Consumer Reports: Do robo-financial advisers match up with human counterparts?


In this era of self-driving cars, what decisions are you comfortable entrusting to a computer? How about financial advice?

New digital platforms can manage your portfolio and charge less than a human financial adviser. Consumer Reports examined whether it is time to make the switch to a robo-adviser.

When Allison Cohen began investing, she opened an account with a robo-adviser, a relatively new breed of online financial advisers that use computer algorithms based on your risk tolerance and timeline to recommend investments for you for a fraction of the cost of a human adviser.

"It didn't feel old or stodgy or conservative," she said. "It felt really on the cutting edge of the future of investing."

Cohen is not alone. Consumer Reports found that robo-advisers have become big business.

"Robo-advisers manage an estimated $53 billion," chief money editor Margo Gilman said. "And that number is expected to grow to between $5 trillion and $7 trillion in the next 10 years."

Some of the players include companies like Wealthfront and Betterment, and asset-management giant Schwab is also getting into the game. But experts at Consumer Reports say going robo requires a fair amount of faith in the technology, especially in a rocky market.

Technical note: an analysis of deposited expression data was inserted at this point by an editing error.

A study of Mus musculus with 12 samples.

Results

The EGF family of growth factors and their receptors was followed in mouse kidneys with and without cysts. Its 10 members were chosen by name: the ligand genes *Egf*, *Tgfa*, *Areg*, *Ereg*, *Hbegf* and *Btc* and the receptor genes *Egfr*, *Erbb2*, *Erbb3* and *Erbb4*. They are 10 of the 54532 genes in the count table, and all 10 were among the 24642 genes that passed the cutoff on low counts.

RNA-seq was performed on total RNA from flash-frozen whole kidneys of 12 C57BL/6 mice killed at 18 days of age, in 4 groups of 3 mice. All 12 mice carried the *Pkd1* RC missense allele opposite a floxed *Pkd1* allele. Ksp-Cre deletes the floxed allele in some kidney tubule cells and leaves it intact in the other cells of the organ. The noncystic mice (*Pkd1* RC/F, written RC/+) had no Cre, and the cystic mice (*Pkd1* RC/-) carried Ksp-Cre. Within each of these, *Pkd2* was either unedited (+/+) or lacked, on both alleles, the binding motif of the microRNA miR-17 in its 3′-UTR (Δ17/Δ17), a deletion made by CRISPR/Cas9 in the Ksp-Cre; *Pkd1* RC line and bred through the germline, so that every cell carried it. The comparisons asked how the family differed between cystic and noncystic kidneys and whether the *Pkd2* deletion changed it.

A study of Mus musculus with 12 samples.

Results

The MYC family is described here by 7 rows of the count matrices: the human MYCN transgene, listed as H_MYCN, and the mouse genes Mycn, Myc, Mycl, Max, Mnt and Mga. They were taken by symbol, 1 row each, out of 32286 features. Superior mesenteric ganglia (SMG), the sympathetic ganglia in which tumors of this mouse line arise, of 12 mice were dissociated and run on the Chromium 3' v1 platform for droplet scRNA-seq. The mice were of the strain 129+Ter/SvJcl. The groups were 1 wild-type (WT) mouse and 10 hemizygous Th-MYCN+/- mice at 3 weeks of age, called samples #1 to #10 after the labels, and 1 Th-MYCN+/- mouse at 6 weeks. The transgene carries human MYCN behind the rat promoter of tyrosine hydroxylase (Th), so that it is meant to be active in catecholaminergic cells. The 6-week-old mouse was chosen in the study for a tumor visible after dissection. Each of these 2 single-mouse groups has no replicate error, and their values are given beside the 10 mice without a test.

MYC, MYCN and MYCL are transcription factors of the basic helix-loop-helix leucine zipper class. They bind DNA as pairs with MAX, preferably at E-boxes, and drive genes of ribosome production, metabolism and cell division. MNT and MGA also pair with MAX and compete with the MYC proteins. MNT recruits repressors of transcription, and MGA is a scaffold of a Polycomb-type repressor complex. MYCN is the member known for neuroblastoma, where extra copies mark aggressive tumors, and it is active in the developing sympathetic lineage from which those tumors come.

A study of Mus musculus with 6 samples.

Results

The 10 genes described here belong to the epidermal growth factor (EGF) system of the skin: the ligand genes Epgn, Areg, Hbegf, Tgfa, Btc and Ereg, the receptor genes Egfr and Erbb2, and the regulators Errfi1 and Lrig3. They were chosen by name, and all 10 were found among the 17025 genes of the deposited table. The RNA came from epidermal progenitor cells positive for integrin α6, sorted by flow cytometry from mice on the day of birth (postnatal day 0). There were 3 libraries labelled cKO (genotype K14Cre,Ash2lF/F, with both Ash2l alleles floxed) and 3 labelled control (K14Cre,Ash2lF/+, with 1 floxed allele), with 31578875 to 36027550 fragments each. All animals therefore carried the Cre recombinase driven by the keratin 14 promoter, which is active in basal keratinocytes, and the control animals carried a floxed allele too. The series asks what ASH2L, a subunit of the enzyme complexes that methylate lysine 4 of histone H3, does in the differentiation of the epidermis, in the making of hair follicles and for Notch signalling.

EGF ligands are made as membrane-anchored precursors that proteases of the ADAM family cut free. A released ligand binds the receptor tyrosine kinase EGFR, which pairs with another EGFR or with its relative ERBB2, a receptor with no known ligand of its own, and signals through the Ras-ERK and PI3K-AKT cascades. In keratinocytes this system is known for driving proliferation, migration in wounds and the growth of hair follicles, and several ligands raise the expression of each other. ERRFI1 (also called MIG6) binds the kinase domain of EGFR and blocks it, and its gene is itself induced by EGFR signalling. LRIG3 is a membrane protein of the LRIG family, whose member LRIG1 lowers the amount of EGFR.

"There's no real track record," Gilman said. "Robo services haven't been around that long and haven't been tested in a true bear market."

Additionally, robos don't account for the human element of advising. A robo-adviser cannot help you prioritize several financial goals, like deciding whether to pay down debt or save more. Nor can it help you navigate tricky financial situations like divorce, saving for college or handling the finances of an aging parent.

Still, for someone like Cohen, a robo-adviser could be the way to go, particularly as a way to jump into the market.

Deciding between a costlier human adviser and a cheaper computer solution depends on a variety of factors, including your financial circumstances, your reaction to risk, and your comfort level with recently developed technology.